FILE - In this Friday, March 11, 2016 file photo, fishing boats are tied up at a wharf on the waterfront in Portland, Maine.
Robert F. Bukaty
/
AP
FILE - In this Friday, March 11, 2016 file photo, fishing boats are tied up at a wharf on the waterfront in Portland, Maine.

Businesses in Portland are looking to limit the city's emergency wage ordinance.

A referendum passed in 2020 requires a 50% boost in the city's minimum wage for non-remote employees during any state of emergency. But organizers are collecting signatures for a referendum that would restrict the ordinance to only apply when the City Council declares a state of emergency, not the state.

Portland Regional Chamber of Commerce CEO Quincy Hentzel said the effort has been organized by local childcare providers, who had to deal with unexpected expenses this winter when they were forced to boost wages for about a week during a storm that didn't impact the city.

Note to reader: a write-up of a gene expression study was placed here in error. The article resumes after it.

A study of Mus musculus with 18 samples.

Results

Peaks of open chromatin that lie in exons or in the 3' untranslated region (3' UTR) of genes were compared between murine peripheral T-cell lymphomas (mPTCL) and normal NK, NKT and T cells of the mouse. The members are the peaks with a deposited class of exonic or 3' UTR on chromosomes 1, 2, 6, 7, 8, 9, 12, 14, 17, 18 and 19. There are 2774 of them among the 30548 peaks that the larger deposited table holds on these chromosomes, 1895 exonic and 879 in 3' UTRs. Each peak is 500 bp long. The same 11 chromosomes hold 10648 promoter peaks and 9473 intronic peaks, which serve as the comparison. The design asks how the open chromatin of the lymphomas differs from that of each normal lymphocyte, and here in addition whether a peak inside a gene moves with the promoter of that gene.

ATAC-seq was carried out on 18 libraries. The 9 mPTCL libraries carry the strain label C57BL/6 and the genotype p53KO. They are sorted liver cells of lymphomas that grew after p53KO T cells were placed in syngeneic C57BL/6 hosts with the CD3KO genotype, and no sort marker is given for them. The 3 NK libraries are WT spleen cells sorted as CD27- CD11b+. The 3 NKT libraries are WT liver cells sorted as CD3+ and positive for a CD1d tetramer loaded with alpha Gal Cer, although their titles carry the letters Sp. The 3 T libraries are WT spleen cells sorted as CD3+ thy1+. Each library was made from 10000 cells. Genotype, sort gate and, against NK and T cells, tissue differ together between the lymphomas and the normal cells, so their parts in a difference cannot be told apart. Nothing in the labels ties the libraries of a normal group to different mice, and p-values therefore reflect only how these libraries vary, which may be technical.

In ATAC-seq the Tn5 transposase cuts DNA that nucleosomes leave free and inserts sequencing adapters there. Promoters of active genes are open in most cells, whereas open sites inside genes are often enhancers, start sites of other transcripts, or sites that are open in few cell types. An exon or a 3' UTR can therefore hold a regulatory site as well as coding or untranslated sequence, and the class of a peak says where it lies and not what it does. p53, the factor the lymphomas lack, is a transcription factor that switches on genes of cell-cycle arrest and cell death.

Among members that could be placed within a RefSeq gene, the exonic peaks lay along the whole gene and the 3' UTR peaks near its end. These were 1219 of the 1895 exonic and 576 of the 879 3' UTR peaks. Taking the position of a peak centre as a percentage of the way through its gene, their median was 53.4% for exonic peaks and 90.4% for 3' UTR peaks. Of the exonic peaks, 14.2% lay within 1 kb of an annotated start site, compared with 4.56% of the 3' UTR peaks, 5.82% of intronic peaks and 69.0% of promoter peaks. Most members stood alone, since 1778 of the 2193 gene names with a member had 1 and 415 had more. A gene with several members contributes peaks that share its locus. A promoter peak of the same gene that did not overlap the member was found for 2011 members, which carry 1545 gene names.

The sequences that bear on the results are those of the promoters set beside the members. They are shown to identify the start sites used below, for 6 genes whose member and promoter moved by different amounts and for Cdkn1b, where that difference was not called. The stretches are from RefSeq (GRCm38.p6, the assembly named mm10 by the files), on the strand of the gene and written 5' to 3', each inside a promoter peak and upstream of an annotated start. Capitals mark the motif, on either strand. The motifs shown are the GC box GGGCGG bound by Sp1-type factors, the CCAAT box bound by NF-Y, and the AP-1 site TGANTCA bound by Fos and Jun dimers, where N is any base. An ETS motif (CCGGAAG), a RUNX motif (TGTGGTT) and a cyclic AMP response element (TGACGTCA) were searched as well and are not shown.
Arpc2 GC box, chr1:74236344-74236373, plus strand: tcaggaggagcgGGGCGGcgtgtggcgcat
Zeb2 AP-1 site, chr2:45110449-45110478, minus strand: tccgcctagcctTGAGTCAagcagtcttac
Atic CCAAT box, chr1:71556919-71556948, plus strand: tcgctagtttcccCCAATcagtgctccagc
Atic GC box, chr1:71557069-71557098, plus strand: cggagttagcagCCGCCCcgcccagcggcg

"We do see this posing a real challenge to businesses, and particularly when there's no hazard. There's not an event happening in the city of Portland, that would warrant an emergency wage," Hentzel said.

But Wes Pelletier, a spokesperson for the Maine chapter of the Democratic Socialists of America, said workers shouldn't have to wait for city officials to declare an emergency in order to get additional pay.

"So while the rest of the state is hunkering down for a storm, they have to wait for City Council's blessing to basically make sure that they are going to get paid compensation for traveling through dangerous roads, icy roads, storm, winds," Pelletier said.

Organizers have until June 20 to collect 1,500 signatures in support of the ballot question.